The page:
Day 2: I need to make a phone call. I don’t wanna look too keen. Gonna write this first and then do it, yeah, that’s a good plan.
Today, we explain the difficulties with relationships via the medium of Hairdressing.
A woman’s relationship with her hairdresser is both complex and incredibly subtle. You trust a (reasonably) total stranger to make you look fabulous, and not to destroy self confidence in the process. That whole thing with Samson and his locks equalling strength? Utterly spot on. When stuff does go wrong, it often means the end of your relationship. The chances you’ll hand over cash again to someone who turned your hair purple when you wanted blonde? Fairly slim.
I’d been with the same salon for a LONG time. I’d gone there before my son was born, cycled through two stylists, and the day I came home with purple hair having not asked for it was significant. When younger a lot of hairstyles happened, a few colours, but the desire to go 100% mermaid has never stuck. It isn’t me, and to have it imposed accidentally was not really as shocking as might have been the case. It made a tough decision a lot easier: it was time to leave.
When your stylist can’t get your name right… absolutely the right moment to move on.
So, I’ve bounced between a few places in the intervening period, finding empathy in a couple of stylists, but never the desire to stay, until I took my daughter for a trim at the local hairdressers and found a young lady who is, quite frankly, welcome breath of fresh air. She’s professional and thorough but what I get most from her is the fact that there are no pretensions of anything. She is what she is, and that is what matters. For too long I was simply anonymous. Now, I feel genuinely wanted.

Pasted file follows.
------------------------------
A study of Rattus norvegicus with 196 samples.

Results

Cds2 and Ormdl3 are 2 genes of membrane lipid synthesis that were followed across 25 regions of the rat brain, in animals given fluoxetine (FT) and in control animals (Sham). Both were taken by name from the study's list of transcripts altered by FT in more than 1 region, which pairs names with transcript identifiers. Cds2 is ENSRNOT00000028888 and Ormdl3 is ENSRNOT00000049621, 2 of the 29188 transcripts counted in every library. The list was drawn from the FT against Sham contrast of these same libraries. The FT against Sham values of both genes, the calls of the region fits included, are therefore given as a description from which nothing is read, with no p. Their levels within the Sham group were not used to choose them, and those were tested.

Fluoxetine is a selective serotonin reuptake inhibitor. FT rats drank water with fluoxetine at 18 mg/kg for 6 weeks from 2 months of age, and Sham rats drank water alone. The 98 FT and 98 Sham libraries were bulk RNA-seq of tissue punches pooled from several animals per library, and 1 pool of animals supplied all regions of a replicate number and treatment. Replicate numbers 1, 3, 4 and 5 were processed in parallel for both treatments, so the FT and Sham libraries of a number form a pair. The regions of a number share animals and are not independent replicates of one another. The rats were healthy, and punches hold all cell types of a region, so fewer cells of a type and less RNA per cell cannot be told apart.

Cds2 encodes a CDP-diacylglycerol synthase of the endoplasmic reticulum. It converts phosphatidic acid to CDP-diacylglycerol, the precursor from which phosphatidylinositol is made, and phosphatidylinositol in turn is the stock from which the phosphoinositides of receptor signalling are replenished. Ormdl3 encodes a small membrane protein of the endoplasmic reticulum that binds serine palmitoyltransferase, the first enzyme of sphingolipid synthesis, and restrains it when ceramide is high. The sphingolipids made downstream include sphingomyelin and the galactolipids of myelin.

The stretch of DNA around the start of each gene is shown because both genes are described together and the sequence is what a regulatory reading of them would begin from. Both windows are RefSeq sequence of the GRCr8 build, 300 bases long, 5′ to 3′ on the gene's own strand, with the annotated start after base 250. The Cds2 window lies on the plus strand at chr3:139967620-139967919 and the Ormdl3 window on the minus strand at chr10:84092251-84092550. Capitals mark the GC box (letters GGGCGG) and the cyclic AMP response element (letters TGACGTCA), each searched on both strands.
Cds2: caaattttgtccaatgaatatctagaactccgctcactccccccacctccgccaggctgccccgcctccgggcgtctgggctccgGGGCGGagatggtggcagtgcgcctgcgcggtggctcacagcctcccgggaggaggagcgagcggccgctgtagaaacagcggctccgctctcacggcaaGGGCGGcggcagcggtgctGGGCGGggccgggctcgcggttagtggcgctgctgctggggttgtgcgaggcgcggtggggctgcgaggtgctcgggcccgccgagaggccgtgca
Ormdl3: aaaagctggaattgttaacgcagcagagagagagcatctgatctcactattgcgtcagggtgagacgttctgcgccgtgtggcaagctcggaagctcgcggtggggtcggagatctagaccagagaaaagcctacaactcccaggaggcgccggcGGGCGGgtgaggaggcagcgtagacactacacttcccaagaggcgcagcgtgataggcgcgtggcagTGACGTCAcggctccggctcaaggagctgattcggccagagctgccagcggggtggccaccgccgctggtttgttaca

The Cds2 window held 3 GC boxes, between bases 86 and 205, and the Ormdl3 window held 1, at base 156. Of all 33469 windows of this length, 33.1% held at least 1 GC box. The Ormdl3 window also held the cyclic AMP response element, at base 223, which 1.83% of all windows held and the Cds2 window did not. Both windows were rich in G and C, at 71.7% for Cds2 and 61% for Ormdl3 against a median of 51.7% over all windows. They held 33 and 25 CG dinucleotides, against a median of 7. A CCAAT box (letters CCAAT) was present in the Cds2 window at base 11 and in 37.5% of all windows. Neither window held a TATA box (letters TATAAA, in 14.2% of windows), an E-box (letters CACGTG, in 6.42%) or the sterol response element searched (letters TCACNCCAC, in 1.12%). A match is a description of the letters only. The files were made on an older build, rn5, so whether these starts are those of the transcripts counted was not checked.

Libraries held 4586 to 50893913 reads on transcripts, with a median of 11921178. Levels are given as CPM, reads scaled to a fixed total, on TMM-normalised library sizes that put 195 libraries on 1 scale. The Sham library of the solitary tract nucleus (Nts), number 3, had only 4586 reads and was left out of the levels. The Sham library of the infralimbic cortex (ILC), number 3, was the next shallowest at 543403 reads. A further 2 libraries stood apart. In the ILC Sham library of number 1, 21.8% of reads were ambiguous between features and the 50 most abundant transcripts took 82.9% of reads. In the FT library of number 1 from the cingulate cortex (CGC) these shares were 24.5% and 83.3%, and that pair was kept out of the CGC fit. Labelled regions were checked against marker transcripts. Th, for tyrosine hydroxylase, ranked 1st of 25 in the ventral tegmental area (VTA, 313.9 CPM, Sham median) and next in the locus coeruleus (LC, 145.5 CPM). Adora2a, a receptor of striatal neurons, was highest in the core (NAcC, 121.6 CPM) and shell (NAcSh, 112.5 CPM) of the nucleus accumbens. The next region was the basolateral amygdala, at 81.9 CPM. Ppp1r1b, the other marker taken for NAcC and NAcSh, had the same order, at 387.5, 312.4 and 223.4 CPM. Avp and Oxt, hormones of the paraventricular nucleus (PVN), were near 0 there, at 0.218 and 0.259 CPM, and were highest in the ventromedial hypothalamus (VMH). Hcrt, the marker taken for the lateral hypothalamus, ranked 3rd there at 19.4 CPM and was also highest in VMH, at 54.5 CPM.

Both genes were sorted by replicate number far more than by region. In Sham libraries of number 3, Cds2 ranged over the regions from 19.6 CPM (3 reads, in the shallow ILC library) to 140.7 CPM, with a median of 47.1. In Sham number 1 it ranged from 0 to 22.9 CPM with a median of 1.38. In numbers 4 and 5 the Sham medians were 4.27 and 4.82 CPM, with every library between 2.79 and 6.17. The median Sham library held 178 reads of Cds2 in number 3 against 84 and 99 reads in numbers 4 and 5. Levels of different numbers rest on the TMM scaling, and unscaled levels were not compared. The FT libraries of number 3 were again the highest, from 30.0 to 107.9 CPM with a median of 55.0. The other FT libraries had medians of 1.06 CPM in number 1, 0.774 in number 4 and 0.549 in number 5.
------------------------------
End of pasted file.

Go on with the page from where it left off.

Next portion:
That’s the key in all relationships, I realise. To be a part of something where you don’t feel as if you’re doing all the work, or that you’ve been included because that’s what you think other people would do to look relevant. You shouldn’t be friends with someone because of who they know, or what that relationship could provide. It just happens. Clicking a button then contributing no effort is not friendship. Reading about another person’s life and adding nothing of value to it is not friendship.
Just because you follow someone does not entitle you to part of their existence.
Robots continue to create an illusion of care and interest that, in many cases, will never exist. It is all about the business of ‘appearing’ popular and successful, without the genitalia-achingly tough task of talking to every person, establishing trust and belief, before moving on. Truly popular people end up that way because they focus on their desires 24/7, and keep on giving, in a way that cannot be faked or indeed replicated. Looking at my Twitter feed, more and more the genuine hard workers are abundantly apparent, putting lesser mortals in the shade.
It is a fine destination to aim for, continuing to be reassuringly inspirational.
Not everything online has to be drama, but amazingly that doesn’t stop a lot of people aspiring towards just that. It’s not like there’s no other stress in the World right now either. I get that some of you want online to be your own safe, secure little Utopia of Calm. The reality of existence is that if you wilfully ignore one thing, it’ll happen with others, and that’s never a state of affairs that will ever end well. That lesson has been learnt the hard way. Friendship isn’t just turning up for the good stuff and ignoring the bad. That’s not how this works.
If this matters enough to you, make the effort.